Once I recalled my memories of pleasure with my mother, I could understand better the confusion I experienced when she'd shift from being in relationship with me to teaching me what I needed to do in order to have "relationships" in the world at large. There was one incident around In a Different Voice, when she spent an entire day reading galley proofs with me, which was so meaningful to me, especially given the substance of that book. We sat on the red sofa in my living room together, and then after we finished, she picked up one of the pillows and said, "You have to remember to fluff up these down pillows," which I heard as a criticism of my housekeeping. So there it was, both sides of our relationship.
PN. So much of your work has been about voice and the psychological costs of feeling silenced. You've just described people taking issue with your voice. What was it like to have your own voice challenged in that way?
CG: The hardest times for me were not when people challenged what I said, but when I felt my voice was not heard. When people talk about me or my work in ways that have little or nothing to do with me or with what I've written, or when they speak about me as though I don't know the first thing about research, I wonder what's going on. For example, In a Different Voice isn't a book about how all men differ from all women--I give examples of men using the "different voice" and of women speaking about rights and justice, and say clearly that I'm contrasting two ways of imagining self and relationship that leads to different ways of speaking about moral problems. My title is In a Different Voice, not "In a Woman's Voice"--the question is different from what, and I contrasted women's voices with what was then the voice of psychological theories. The danger, for me, lies in starting to doubt my own writing. Virginia Woolf writes about this danger for women writers, when the infection enters the sentence and you begin within your sentences to double-think yourself in anticipation of not being heard.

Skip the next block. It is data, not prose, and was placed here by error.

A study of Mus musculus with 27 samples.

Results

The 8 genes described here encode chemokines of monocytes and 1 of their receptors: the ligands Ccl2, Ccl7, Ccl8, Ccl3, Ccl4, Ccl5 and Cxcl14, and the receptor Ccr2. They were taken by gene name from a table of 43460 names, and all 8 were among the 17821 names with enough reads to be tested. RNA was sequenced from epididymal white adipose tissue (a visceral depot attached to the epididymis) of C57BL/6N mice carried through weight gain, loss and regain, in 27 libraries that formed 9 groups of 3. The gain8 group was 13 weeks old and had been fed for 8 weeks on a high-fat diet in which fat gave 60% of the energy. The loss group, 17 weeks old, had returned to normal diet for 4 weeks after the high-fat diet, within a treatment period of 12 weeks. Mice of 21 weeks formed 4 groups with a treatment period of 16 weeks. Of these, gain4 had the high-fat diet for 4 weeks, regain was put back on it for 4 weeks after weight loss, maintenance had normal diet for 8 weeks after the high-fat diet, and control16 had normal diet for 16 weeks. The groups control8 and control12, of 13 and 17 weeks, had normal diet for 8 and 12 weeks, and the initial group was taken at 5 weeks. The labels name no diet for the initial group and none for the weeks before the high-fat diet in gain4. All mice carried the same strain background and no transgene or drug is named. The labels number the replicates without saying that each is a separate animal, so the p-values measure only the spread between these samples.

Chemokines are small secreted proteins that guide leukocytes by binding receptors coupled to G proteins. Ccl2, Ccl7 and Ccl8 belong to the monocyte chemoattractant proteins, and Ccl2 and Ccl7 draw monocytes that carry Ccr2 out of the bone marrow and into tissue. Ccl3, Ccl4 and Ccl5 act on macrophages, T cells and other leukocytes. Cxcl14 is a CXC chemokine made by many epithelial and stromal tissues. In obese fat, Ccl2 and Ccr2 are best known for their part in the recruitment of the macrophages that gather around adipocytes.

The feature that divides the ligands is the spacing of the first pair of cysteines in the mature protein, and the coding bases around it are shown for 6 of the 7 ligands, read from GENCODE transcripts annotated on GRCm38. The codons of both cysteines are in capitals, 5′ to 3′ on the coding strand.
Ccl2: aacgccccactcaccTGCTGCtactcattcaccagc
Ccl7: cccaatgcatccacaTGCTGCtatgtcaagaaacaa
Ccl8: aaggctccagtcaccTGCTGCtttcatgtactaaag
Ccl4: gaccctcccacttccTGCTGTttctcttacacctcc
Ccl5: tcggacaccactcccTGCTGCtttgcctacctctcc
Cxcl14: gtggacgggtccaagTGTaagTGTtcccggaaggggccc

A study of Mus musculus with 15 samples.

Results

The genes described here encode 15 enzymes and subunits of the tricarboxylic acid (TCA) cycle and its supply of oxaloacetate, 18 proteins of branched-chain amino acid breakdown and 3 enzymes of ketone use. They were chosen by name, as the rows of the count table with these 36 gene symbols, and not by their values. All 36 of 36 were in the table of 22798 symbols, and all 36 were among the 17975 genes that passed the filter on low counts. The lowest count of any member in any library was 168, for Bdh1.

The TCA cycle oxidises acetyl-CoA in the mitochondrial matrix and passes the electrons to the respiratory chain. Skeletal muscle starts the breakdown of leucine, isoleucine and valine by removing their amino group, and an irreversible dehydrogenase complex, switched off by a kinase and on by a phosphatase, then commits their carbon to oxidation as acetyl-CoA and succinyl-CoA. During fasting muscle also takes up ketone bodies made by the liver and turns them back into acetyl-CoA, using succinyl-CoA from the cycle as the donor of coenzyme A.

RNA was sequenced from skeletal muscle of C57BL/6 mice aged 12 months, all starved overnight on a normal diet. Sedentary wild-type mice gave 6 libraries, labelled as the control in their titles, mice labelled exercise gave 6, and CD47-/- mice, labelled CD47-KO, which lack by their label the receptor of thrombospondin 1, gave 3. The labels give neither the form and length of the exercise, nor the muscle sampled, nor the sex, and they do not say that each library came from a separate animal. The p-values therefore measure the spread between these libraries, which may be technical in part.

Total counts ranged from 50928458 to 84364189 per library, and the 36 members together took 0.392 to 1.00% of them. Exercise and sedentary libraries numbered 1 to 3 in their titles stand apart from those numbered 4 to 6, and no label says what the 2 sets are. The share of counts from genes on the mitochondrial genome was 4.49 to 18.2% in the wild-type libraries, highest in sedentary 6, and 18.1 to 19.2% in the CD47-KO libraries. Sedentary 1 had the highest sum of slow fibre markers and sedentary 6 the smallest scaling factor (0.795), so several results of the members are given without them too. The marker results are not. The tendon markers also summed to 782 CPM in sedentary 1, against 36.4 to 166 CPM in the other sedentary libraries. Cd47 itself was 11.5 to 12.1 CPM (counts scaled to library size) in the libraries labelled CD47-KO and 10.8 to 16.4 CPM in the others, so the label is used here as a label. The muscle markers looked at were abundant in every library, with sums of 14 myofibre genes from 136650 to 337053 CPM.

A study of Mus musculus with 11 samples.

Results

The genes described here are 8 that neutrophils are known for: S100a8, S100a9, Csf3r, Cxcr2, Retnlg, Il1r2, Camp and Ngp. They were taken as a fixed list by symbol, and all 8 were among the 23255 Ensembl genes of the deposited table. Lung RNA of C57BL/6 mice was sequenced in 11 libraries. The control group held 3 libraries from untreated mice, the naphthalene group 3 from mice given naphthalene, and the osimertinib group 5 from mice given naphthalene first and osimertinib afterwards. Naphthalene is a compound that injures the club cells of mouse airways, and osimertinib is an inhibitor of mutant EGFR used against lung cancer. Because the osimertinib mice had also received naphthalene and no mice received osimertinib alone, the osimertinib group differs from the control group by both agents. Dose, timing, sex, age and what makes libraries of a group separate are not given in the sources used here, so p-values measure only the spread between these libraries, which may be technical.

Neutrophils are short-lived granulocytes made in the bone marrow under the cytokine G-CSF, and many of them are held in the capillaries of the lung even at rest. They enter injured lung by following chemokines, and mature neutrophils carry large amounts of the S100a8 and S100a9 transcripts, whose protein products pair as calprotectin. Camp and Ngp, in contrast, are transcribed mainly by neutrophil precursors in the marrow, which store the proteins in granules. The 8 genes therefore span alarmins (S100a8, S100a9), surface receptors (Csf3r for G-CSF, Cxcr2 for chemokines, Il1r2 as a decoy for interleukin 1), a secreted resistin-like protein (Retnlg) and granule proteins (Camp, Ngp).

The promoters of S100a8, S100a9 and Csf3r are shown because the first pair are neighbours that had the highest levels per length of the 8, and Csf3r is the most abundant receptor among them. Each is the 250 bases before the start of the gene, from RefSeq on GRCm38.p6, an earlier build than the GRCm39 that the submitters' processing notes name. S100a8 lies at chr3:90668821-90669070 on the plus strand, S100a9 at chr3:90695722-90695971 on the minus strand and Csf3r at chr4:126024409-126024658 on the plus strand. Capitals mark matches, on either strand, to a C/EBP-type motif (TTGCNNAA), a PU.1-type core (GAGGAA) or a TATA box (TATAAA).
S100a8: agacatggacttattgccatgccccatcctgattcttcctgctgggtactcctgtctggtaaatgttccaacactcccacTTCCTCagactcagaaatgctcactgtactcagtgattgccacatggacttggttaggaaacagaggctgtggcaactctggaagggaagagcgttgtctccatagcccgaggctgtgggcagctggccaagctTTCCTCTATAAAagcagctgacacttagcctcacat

PN: Critics have either loved or hated The Birth of Pleasure. How do you understand the intensity of the reaction?
CG: Well, I'm writing about pleasure and also about leaving patriarchy, which are two fraught subjects. I link tragic love stories with the initiation into patriarchy and then show how the findings of contemporary research provide us with a map showing points of resistance and ways leading out of destructive cycles. It isn't surprising to me that people might disagree with me or argue that the evidence I present doesn't support my interpretation. What surprised me was the vehemence and the personal nature of the attacks, which had little to do with the argument of the book, but more with my past work or with the structure of the book, which was incomprehensible to some readers. But I was writing about dissociation, how to break through a wall that separates you from what you know, and I followed an associative method, because you can't argue your way out of dissociation. The structure of the book is orchestral, or like a tapestry with different threads woven together to show a pattern. I wanted to recreate for the reader the journey I had taken in coming to see what I saw. My title, The Birth of Pleasure, reflects the importance of the research I did with girls in leading me to these insights (the Psyche myth that frames the book ends with the birth of a daughter named Pleasure) and also announces a paradigm shift--from a paradigm grounded in experiences of loss ( The Birth of Tragedy ) to one grounded in experiences of pleasure. One colleague speaking of her own experience in reading the book, said: "This book unsettles an adaptation," which is what I intended.